Today, we see art in all it’s forms and expressions, going beyond the canvass and into various mediums that either channel the artist’s emotions or move us and encourage us to think. But given the advent of technology and the various mediums that were invented much later than the time great art was already being created, it’s hard to draw a line at what counts as art and what is just noise in the background.
For instance, take Da Vinci’s popular painting, the Mona Lisa. There’s no doubt whether or not we’d consider it of art, given its painter, its value, and the security measures the Louvre is taking to protect it, but would you also consider this photo a work of art?
It’s a 2003 ad from Pizza Hut advertising their Classic Italian Crust. It’s inspired by the Mona Lisa, the face looks slightly similar to the painting, and it follows several elements of art such as the shadow, the focal point, and the expression. It’s aesthetically pleasing, and the only differences between this and Da Vinci’s work is the artist who made it and the purpose of the painting. Da Vinci supposedly painted the Mona Lisa as a commission from a merchant to paint a portrait of his wife, while this is meant to advertise a product.
And it’s not just printed ads that blur the line between art and advertising. Film and theatre are a form of art, but we often forget that, while they weren’t made to be a commercial, they are subject to product placements from sponsors and are created with the intention of creating a profit from its viewers.
So, because of the purpose of profit, does an ad lose the right to be called a work of art because it’s an ad, or is it right that we recognize the art and the artist who made the ad?
What Makes Good Art? And Does It Apply to Ads?
ArtBusiness interviewed several art professionals in the United States about what makes good art, and this is what they had to say. Art should be unique and well-executed. It should be visually stunning and surprising. It should have intention, dedication, patience, and perseverance. Art is engaging, timeless, and represents the time it was created.
It’s these criteria that match some of the ads we see today. We remember certain ads because they’re interesting, unique, and memorable. Ads were carefully thought by advertisers, made to perfection by graphic designers, and released to the public by marketers. It moves people, questions the way we think or see a product. It’s engaging, otherwise why do brands spend millions of dollars to get it out there? And some commercials and print ads are so timeless and memorable that they’re a part of our culture and copies of it are stored in museums and the Library of Congress.
Ads Reflect Culture and History
In the halls of Smithsonian’s National Museum of American History and the Library of Congress, you’ll find works from P&G, Krispy Kreme, Hills Brothers, Coca-Cola, and other brands – all advertisements dating back to the late 1800’s. In fact, P&G has donated 5,000 print, TV, and radio ads, while Coca-Cola has donated commercials spanning 50 years of its operations.
These ads belong in such institutions because they’re culturally significant and a part of America’s history. We can’t deny, for example, our patriarchal system in the 1960’s, and it’s reflected in older ads that reflect these beliefs. To deny ads’ rightful title as a work of art is to say that all ads are just superficial drawings and words designed to get people to buy things. But it isn’t, because that wouldn’t sell.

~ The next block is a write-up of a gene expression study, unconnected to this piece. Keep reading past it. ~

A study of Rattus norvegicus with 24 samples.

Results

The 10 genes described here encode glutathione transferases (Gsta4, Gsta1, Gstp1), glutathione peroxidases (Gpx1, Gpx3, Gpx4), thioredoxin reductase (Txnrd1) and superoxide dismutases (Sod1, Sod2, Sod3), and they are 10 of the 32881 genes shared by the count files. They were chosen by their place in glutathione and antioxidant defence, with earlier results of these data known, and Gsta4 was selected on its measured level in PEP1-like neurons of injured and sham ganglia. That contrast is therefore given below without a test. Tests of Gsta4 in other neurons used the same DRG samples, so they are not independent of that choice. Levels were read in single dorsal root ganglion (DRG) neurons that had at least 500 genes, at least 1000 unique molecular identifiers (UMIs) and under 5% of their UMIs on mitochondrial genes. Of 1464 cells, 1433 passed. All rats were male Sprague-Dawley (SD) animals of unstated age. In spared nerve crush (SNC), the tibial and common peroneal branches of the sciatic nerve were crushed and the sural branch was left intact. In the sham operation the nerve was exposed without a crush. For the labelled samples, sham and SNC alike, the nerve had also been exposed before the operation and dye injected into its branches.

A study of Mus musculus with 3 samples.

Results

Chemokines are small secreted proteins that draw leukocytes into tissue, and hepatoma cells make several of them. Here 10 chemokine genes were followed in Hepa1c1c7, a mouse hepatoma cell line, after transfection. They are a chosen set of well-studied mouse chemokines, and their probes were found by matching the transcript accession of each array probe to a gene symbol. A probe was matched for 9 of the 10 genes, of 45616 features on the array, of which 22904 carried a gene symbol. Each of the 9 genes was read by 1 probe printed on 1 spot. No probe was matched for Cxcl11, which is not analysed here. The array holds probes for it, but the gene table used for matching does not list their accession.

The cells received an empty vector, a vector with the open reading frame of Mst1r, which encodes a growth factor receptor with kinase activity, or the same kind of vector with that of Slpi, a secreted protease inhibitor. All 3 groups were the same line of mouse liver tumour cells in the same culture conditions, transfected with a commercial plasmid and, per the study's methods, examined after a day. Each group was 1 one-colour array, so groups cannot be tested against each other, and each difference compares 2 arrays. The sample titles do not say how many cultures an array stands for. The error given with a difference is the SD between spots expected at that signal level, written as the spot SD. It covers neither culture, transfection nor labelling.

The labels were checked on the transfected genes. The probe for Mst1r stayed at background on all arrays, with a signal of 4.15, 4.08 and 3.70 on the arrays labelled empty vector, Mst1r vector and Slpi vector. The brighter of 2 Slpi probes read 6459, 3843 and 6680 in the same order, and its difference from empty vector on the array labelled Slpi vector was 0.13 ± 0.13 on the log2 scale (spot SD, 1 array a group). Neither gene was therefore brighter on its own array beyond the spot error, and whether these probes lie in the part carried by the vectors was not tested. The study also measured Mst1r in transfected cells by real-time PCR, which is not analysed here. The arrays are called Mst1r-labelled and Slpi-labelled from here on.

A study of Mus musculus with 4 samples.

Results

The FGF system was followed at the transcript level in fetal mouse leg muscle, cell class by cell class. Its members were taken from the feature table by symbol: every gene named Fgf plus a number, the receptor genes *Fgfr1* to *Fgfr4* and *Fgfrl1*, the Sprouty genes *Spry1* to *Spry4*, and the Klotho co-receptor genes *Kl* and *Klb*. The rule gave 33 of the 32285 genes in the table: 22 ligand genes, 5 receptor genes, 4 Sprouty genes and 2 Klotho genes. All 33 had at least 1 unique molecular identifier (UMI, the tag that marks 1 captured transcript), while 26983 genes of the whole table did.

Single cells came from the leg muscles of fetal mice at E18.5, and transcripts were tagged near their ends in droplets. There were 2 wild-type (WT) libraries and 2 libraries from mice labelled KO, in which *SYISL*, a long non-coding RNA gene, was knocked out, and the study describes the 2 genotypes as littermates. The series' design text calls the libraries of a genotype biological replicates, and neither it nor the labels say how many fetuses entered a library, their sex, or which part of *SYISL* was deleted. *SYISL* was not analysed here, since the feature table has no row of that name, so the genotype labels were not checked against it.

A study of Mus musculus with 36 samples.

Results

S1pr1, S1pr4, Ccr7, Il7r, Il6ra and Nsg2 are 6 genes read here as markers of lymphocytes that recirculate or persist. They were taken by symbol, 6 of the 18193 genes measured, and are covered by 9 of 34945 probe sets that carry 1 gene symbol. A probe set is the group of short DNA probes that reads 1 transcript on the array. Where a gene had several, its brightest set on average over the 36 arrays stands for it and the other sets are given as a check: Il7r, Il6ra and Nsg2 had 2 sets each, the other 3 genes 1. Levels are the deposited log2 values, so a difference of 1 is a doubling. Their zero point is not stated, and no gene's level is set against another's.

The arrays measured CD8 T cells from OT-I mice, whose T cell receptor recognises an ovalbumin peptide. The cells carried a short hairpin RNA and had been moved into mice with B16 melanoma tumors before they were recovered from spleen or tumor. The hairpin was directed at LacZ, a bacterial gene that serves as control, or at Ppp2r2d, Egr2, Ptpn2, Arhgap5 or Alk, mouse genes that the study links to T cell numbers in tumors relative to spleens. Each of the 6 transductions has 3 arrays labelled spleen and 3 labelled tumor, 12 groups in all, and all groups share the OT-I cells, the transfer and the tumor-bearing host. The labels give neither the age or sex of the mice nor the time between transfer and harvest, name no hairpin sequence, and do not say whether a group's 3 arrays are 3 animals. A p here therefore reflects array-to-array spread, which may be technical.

Art and Culture, But Not High Art?
In the world of art, we have this idea called “high culture,” which in turn produce high art. These are the works of art, literature, and philosophy that are seen as exemplary, high-class, intelligent, and is associated with the upper class or the thinking class. This is in comparison to “low culture,” which is the works of art, literature, and philosophy meant for the less-educated and supposedly dumbed down for the masses. Confucius, for example, would be seen as high culture; Jaden Smith’s tweets since 2014 would be low culture.
Some art critics argue that while ads do have a place in cultural centers and are historically significant, it will only be low culture art, nothing that could ever match the works of a Picasso or a Monet.
Mary Warlick, an art historian and executive director of The One Club, an organization that recognizes creativity in advertising, believes art is meant to elevate thinking, whereas advertising tells us what we already know about culture and history and twists that into something we need to buy. David Lubars, president and executive creative director at the advertising agency Fallon says while ads can be artful, it is not art because it exists to sell an idea. Rich Silverstein of advertising firm Goodby, Silverstein & Partners agrees, saying ads are made for the client, but it’s not like real art where it’s made for the artist or their peers.
However, this is not an opinion all people in the art and advertising industry share. Charles Sable, an art curator, believes it is modern vernacular art form that reflects society. Meanwhile, Stan Richards, founder of advertising agency The Richards Group, believe that if add look good enough to hang or display, it is good enough to be considered art. He cites how several businesses and private individuals use old advertisements as art.
Can commercials and print ads be considered art when many see the difference between the two is profit and purpose? The jury is still divided on this one. But as a graphic designer who’s put thought, effort, and a lot of time into one poster, I think it is a work of art. Maybe not one that will end up next to the Renaissance section of a museum, but one that is relevant after years and a reflection of who we are at any given point.